Premature Baby Care
10th May 2019
For any parent, premature baby care can be a daunting prospect because it can be difficult to know how your baby is feeling and what it is they need. The main thing to remember during this time is that there is no right or wrong answer – all you can do is carefully observe your baby and react to their actions. To help you understand what’s involved with premature baby care, Tiny World have put together some things you can do to help nurture them during this stage.
Signs that indicate what your baby needs
Your baby is communicating with you in everything they do, we just have to be perceptive and take note of what it is we see – for example:
- If your baby is tense or has a stern face, it might be that they are uncomfortable, so try moving them into another position and see if it helps them to relax their muscles.
- If your baby is turning away from you, chances are they’re overtired and need some time to quietly rest.
- If your baby is particularly noisy and fidgety, it’s likely they are hungry or need a nappy change.
- If your baby is quiet, relaxed and wide-eyed, they are most certainly happy.
The more time you spend with your baby, the quicker you will become accustomed to their habits and general behaviour – making it easier for you to control most situations. You will become aware of what they like, what they don’t like, the times in the day when they like to nap and the times when they’re wide awake.
Making sure your premature baby is comfortable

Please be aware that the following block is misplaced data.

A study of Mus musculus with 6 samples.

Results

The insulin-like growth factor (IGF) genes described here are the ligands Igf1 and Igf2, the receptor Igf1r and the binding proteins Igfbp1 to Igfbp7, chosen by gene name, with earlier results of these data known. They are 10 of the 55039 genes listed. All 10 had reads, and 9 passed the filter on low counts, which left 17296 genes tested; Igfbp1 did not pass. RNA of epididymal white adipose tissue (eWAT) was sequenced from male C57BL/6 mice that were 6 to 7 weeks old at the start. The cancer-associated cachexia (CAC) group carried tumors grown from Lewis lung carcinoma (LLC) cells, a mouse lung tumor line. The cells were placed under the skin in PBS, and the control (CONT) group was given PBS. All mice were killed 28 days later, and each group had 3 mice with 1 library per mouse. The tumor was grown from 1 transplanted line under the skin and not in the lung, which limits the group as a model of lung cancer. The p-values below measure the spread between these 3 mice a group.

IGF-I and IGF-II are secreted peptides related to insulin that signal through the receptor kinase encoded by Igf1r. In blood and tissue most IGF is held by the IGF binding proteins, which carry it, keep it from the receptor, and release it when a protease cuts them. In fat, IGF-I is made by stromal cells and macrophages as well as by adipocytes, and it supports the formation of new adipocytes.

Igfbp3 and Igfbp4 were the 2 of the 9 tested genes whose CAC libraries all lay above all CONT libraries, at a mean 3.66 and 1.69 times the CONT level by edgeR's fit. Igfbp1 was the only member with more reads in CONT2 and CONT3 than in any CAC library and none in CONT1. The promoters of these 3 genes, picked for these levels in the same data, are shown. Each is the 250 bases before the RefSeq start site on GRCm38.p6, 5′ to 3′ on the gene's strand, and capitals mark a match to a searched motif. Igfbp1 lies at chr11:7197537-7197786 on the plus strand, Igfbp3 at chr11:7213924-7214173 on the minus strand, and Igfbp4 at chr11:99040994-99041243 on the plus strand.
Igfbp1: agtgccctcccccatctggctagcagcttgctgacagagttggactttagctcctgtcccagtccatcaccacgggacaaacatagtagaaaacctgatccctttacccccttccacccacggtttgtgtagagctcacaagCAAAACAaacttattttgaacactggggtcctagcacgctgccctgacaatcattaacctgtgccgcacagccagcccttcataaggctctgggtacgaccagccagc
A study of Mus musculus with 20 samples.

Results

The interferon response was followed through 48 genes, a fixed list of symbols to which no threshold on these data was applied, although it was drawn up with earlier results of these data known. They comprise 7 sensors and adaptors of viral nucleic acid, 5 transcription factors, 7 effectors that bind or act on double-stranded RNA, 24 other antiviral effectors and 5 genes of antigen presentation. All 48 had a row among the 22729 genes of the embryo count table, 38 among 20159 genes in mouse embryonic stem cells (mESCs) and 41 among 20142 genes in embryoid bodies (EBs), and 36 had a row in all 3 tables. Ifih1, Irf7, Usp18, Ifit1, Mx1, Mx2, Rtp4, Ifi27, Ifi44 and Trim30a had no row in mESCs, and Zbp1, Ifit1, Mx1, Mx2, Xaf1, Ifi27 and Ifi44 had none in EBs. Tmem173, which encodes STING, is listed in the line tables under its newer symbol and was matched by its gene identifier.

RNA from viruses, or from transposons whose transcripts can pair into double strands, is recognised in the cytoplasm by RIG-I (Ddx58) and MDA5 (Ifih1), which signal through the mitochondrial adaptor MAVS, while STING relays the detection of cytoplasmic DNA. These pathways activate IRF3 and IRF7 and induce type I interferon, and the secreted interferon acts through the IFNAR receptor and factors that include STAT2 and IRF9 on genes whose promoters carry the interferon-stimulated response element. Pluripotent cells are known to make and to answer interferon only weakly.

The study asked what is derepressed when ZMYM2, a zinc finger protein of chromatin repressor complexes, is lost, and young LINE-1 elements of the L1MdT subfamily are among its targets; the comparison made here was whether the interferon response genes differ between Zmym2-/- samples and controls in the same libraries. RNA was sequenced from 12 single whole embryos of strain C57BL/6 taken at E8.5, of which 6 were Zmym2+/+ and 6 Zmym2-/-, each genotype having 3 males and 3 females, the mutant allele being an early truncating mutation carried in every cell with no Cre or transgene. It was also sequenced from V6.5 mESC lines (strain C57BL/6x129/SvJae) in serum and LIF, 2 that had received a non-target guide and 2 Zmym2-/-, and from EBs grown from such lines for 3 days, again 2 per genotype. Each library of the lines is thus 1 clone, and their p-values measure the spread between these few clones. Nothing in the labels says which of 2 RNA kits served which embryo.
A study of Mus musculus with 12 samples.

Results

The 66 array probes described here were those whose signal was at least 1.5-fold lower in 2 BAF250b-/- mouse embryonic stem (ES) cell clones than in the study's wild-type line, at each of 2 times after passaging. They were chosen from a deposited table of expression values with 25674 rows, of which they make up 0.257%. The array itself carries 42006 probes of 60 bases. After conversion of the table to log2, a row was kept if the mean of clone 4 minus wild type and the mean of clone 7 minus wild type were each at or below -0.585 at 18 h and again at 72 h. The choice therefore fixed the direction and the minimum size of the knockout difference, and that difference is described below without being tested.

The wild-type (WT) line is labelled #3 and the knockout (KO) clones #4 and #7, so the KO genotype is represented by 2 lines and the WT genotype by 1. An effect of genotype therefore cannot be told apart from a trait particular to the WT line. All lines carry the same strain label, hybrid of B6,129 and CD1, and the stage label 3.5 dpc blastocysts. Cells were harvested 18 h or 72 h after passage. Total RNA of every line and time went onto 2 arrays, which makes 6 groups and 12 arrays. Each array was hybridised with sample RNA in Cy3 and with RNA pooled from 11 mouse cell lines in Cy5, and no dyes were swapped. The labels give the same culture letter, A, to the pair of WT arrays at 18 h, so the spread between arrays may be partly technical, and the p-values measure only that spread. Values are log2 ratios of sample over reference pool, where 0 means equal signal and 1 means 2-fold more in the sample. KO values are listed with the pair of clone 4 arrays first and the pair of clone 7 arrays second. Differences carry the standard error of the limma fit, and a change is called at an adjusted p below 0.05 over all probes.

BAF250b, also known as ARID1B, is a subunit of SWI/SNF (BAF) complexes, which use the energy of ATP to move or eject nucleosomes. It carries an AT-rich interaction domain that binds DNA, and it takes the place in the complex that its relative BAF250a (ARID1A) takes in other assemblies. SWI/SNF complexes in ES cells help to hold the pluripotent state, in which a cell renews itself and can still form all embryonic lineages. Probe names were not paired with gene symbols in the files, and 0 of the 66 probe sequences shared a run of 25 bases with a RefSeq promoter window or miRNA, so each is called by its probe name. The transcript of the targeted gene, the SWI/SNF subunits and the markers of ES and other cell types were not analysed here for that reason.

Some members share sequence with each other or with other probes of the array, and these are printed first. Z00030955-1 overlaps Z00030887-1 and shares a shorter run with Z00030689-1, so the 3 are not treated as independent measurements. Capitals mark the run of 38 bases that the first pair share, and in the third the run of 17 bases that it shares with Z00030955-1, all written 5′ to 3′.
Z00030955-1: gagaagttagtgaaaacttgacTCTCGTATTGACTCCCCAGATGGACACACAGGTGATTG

You won’t be alone when looking after your baby, the healthcare team will be keeping a very close eye on your baby during their time in the unit, as they’ll need to respond accordingly to your baby’s progress. This is to ensure your baby is getting the best treatment and to help keep a natural schedule so that their all-important sleep is not disturbed.
Some parents may feel overwhelmed by the apparatus within a childcare unit, so to make it all less scary, ask the healthcare team who will be able to explain what’s involved with your baby’s care. It might be the case that your baby is in an incubator and has tubes and wires attached to them, but when they are finally removed you can ask to help and get involved. Speak with the nurse, they will be able to show you how to wash and change a premature baby. At this stage, you should also be able to hold your baby.
Having a baby is undoubtedly an incredible experience, but to ensure they’re comfortable and healthy, it’s important to not overwhelm them with too many visitors. Your premature baby is tiny and fragile and needs time with his/her parents and plenty of time to rest.
Bonding with your premature baby
As we all know, bonding is incredibly important for both parent and child; it creates strong relationships of trust and security and helps your child to socialise and form relationships with others as they develop. Bonding takes time and is not something that happens in one day – it’s generally a byproduct of your everyday interaction. It’s likely that the process will take time for you too, and it’s perfectly natural for it to take time to feel a connection between you and your baby.
There are ways you can interact with your baby including:
- Singing or speaking calmly to your baby, they will find comfort in your voice and it will become increasingly familiar to them.
- Let your baby hold your finger in their hand – especially if you can’t hold them just yet.
- Having skin-to-skin contact and having your child lie on your chest (once they can be held).
- Eye contact – they will come to recognise your face and features.
- Move objects (such as a teddy) around and their eyes will follow.
Tiny World Day Nursery can be found around Nottingham and Mansfield on Stockhill Lane, Arnold Road and Layton Avenue. We have a wealth of experience working with children and provide many fun activities for your child to get involved with including painting, crafting, exercising, socialising, drawing, storytelling, playing and learning. For more information or to take a tour around our premises – get in touch today.